Thursday, October 20, 2016 9:18

With all mainstream media eyes firmly focused on Trump's 'destruction of democracy' by declining to accept the election results no questions asked during last night's debate, we thought a quick history lesson might help jog the liberal media bias' memory.

[Source: Grabien] Al Gore in 2000, speaking from the White House the week after having lost the general election, explains why he refused to concede the race:

“The effort that I have underway is simply to make sure that all of the votes are counted, and when the issues that are now being considered in the Florida Supreme Court are decided, that will be an important point. But I don't want to speculate what the court will do.”

Even after facing a number of lower court losses, Gore said he remained optimistic.

“I don't really feel” the odds are stacked against me, he said, despite admitting feeling like an “underdog.”

Gore said that his voters were not given sufficient access to voting sites. Speaking of black voters specifically, Gore said he was in regular contact with Jessie Jackson and Julian Bond to discuss voter suppression.

“I am very troubled by a lot of the stories that have been reported,” about blacks being discouraged from voting, Gore said. “Whenever you have allegations of those kind, that is a matter the entire country ought to take seriously.”

Wow! Shocker?!! Al Gore questions US democracy?

But that was not all…As DailyCaller's Blake Neff reports, a profile of Secretary of State John Kerry published Sunday in The New Yorker reveals that, 11 years after his election loss to George W. Bush in 2004, Kerry still believes he was robbed via systematic fraud.

The article itself, written by David Remnick, focuses mostly on Kerry’s efforts to achieve peace and democracy in the Middle East, but it also dwells extensively on his presidential defeat more than a decade ago.

“In 2004, when Kerry lost the Presidential race to George W. Bush, who is widely considered the worst President of the modern era, he refused to challenge the results, despite his suspicion that in certain states, particularly Ohio, where the Electoral College count hinged, proxies for Bush had rigged many voting machines,” Remnick writes.

Mike Barnicle, a former Boston Globe columnist and Kerry friend, adds fuel to the narrative.

For a long period, after 2004, every time he even half fell asleep all he saw was voting machines in the state of Ohio,” Barnicle says in the article.

Kerry apparently doesn’t just believe the 2004 election was a sham; Remnick also describes him using the supposedly stolen election as a tool for diplomacy. He describes the Afghan election of 2014, where Ashraf Ghani defeated Abdullah Abdullah in a contest marked by significant fraud allegations. Remnick says Kerry called up Abdullah and had to urge him to swallow his anger, concede the race and agree to collaborate with Ghani’s government.

After flattering Abdullah for his strength and importance in the country, Kerry said, “I will share with you a very personal experience: When I ran for President of the United States, in 2004, against George Bush, in the end, on Election Day, we had problems in the state of Ohio on how the votes were taking place. I even went to court in America to keep polling places open to make sure my people could vote. I knew that even in my country, the United States, where we had hundreds of years of practicing democracy, we still had problems carrying out that election. The next afternoon, I had a meeting with my people, and I told them that I did not think it appropriate of me to take the country through three or four months of not knowing who the President was. So that afternoon in Boston I conceded to the President and talked about the need to bring the country together. . . . One of the main lessons from this is there is a future. There is a tomorrow.”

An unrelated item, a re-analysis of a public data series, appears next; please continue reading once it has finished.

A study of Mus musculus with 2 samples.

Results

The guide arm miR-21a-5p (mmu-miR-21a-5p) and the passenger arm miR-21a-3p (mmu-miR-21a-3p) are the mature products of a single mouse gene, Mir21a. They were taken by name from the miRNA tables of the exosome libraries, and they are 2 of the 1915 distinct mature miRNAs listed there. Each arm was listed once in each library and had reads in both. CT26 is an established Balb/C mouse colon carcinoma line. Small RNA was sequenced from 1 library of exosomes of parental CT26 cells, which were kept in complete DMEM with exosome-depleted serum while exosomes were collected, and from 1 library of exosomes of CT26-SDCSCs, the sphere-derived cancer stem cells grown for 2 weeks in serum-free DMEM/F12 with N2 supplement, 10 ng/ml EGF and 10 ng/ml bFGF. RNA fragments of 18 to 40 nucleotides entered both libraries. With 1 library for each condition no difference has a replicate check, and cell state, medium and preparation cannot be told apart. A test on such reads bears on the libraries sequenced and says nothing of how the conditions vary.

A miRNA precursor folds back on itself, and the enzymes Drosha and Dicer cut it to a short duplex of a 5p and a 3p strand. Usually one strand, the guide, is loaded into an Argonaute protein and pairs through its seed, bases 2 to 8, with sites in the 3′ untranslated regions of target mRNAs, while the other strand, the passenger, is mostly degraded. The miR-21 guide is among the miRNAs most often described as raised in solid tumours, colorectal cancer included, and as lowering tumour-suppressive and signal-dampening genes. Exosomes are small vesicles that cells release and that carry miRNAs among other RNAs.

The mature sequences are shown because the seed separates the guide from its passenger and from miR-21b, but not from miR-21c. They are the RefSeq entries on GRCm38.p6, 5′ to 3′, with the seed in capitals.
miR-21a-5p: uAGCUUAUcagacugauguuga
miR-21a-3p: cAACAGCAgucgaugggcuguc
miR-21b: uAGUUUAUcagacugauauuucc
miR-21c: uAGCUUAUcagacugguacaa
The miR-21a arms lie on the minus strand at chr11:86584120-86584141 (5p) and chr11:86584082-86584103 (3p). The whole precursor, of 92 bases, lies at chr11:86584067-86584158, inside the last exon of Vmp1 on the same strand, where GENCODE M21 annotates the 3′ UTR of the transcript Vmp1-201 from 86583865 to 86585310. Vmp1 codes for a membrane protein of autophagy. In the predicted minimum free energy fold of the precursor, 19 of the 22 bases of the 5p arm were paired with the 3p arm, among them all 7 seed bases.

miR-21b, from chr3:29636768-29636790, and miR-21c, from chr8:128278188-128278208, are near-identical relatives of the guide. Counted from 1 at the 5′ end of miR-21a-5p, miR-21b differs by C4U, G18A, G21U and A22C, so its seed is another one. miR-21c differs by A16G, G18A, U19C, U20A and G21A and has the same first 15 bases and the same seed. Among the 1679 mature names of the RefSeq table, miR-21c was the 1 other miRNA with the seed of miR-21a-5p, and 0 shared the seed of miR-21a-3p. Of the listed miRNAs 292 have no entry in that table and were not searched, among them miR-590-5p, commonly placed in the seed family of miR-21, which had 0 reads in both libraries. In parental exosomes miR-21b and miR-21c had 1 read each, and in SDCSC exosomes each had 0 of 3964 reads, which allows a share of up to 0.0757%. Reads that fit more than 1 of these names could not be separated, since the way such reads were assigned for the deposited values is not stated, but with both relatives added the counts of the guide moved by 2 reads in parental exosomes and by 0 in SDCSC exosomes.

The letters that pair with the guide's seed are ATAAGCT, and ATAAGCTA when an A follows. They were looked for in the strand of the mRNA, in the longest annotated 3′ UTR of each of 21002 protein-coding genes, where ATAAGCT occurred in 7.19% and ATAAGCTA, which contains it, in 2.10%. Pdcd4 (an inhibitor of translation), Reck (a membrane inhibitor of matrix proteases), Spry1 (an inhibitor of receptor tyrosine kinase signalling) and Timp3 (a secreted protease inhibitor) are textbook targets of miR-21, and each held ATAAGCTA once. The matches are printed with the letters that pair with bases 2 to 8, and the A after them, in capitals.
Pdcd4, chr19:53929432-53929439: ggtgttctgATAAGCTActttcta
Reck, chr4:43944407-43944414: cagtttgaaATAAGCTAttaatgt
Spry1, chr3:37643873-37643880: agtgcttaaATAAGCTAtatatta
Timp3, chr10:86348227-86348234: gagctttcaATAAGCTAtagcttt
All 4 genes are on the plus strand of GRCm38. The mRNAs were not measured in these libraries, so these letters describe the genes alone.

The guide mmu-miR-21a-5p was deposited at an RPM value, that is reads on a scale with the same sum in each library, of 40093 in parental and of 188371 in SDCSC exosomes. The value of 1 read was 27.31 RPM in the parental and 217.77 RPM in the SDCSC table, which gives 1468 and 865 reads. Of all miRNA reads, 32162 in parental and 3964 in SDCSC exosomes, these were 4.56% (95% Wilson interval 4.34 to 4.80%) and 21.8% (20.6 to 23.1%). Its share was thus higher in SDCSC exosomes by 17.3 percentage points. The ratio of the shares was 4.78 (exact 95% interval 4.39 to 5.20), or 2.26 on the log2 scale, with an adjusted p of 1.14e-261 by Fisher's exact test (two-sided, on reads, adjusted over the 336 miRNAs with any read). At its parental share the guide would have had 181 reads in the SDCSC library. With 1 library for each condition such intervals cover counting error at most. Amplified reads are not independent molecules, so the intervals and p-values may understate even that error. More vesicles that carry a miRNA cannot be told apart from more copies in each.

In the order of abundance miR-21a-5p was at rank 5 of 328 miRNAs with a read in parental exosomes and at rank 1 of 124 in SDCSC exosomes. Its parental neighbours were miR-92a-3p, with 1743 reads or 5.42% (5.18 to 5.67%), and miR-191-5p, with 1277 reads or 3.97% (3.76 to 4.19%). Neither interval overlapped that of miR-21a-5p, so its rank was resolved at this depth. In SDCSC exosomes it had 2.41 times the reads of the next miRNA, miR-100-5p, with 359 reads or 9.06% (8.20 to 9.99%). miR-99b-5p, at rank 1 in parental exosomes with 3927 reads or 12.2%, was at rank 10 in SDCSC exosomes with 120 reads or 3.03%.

Several days later, Abdullah Abdullah conceded and joined the Afghan government.

Theories that the Bush administration rigged the 2004 election are widespread on the Internet, with Robert Kennedy Jr. among the most notable figures to promote this view. Elements of the conspiracy include purging Democratic voters from the rolls, engineering long lines at Democratic precincts, and even deliberately rigging computerized vote machines to take votes from Kerry and give them to Bush. Theories mostly focus on the state of Ohio, which would have won Kerry the presidency had he cobbled together 120,000 additional votes.

But the supposed evidence of Bush’s theft is full of holes, and rigorous investigations of the evidence have found no evidence of systematic fraud, relegating these theories firmly in the realm of the conspiratorial. Evidently, though, it’s a conspiracy the Secretary of State at least partially buys into.

* * *

It appears one man's “voter suppression” or “systematic fraud” is another man's “rigged” election. Of course if the latter is a Republican named Trump then it is a challenge to the very heart of the constitution. If it is a Democrat, it appears to be free speech protected?

*  *  *

But wait… As National Review's Jim Geraghty points out…

It is completely irresponsible to argue that a president who reaches 270 electoral votes is not “elected” and legitimate, right, Hillary Clinton? Only a shameless partisan with no concern for democracy or our system of government would insist that president is not elected, long after he’s taken the oath of office. Trump is insanely irresponsible to suggest that this election may be rigged and the outcome fraudulent. Why, who on earth would ever make such a charge?

At a private fund-raiser in Los Angeles for Democratic Sen. Jean Carnahan of Missouri, Sen. Hillary Rodham Clinton told the crowd that President Bush merely had been “selected” president, not elected, Newsweek reports in the current issue.

Oh. That’s from October 2002… so it doesn't count?